BEIJING, Jan. 18 (Xinhua) -- Despite a rebound in China's fourth-quarter economic growth, a shrink in the country's working-age population has cast a shadow on its future prospects.
In 2012, the number of working-age people in China decreased by 3.45 million to 937.27 million, Ma Jiantang, director of the National Bureau of Statistics (NBS) told a press conference on Friday.
It is the first time the country has recorded an absolute drop in the working-age population in "a considerable period of time," according to Ma.
"We need to pay serious attention to this," he said. He believes the causes lie in China's changing fertility rate.
"I can't deny that I'm worried about this problem," he told reporters, adding that he expects China's working-age population to decrease "steadily and gradually" over a long period or "at least before 2030."
The working-age population, which covers ages between 15 and 59, accounted for 69.2 percent of the country's total population in 2012, down 0.6 percentage points from 2011, the year in which the rate declined for the first time, said Ma.
The year 2012 saw 16.35 million births in China, with a birth rate of 12.1 percent, up 0.017 percentage points from 2011, according to the NBS.
By the end of 2012, China's population stood at 1.354 billion, increasing 6.69 million in the past year.
Ma suggested that China needs an "appropriate and scientific" population policy in line with demographic changes, as there have been shifts in the country's demographic and labor supply patterns after decades of its family planning policy.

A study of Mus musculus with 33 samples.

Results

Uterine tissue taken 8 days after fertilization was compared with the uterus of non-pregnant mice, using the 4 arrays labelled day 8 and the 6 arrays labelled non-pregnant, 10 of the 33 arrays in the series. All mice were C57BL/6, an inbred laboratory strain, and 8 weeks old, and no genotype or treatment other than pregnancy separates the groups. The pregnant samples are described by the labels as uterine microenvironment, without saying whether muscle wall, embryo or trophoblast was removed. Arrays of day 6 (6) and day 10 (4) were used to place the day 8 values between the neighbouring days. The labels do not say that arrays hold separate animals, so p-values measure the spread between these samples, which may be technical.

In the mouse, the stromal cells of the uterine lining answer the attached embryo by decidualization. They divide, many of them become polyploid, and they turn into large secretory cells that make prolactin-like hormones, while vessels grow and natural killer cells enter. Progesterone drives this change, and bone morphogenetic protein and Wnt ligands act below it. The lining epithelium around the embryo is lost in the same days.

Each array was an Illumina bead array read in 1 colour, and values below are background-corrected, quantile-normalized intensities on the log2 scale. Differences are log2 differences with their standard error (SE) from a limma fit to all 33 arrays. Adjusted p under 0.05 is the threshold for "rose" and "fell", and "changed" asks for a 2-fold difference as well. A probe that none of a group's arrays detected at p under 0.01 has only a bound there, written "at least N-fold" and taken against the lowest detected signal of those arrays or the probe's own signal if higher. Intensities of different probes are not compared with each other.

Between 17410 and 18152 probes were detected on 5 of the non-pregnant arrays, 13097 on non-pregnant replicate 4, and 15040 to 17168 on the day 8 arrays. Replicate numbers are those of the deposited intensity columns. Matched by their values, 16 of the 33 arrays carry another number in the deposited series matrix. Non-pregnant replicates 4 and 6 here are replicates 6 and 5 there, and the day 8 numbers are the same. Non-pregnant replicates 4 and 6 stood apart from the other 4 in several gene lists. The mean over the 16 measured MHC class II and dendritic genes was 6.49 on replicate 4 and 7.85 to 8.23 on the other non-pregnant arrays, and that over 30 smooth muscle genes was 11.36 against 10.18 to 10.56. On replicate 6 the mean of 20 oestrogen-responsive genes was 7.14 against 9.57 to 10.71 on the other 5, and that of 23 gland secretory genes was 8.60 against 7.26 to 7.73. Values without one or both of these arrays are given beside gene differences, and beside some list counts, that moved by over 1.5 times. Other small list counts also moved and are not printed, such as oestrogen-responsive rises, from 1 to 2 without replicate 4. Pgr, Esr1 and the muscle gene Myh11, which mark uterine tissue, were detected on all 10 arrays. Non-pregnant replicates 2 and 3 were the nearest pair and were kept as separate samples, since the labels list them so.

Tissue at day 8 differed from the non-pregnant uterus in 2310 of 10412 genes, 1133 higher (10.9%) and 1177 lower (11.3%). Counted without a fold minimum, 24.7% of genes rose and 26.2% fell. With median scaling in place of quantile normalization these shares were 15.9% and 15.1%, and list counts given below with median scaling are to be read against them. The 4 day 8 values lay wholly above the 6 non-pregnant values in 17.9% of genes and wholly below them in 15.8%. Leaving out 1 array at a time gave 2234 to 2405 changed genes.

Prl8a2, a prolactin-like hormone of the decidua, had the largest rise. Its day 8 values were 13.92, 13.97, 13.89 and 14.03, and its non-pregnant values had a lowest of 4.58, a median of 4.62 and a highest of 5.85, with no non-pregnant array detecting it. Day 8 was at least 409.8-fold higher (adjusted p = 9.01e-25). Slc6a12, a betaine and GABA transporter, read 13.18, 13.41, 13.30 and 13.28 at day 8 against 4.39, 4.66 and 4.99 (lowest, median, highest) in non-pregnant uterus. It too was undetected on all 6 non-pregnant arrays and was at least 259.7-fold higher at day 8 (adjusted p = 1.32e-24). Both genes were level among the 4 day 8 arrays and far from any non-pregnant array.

However, he went on to say that the family planning policy should still be adhered to, noting that it has played a crucial role in helping reduce the birth rate and facilitating the country's sustainable, healthy development.
But Ma also said it remains debateable whether the change marks the end of China's demographic dividend, which has supported the country's economic growth all through the past years.
While addressing the decline as a challenge, Ma pointed out that China still has more than 900 million people at working age, which is one of the nation's major resource advantages.
He emphasized that, faced with the challenge, China should work to boost labor productivity, as well as improve people's education and adjust types of employment, to extend the demographic dividend.
The fading of China's demographic dividend has required China to increase spending on education and culture to boost the quality of the country's human resources, said Wang Jun, an economist at the China Center for International Economic Exchanges, an elite think-tank in Beijing.
More focus should be given to the contribution of technological innovation on the country's economic growth, he added.
Meanwhile, Wang agreed that the early arrival of an aging society will have a deep impact on China's future development, which demands an "appropriate" adjustment in the country's population policy.
The country has otherwise pinned hopes on measures like urbanization and scientific innovation to boost its future growth.
China's urban inhabitants accounted for 52.57 percent of its total population at the end of 2012, up 1.3 percentage points from a year earlier, NBS data showed.
China's economy posted its weakest expansion in a decade in 2012 by growing 7.8 percent year on year amid external jitters and domestic woes.
In the fourth quarter of last year, economic growth quickened to 7.9 percent year on year on government pro-growth measures, ending a seven-straight-quarter slowdown.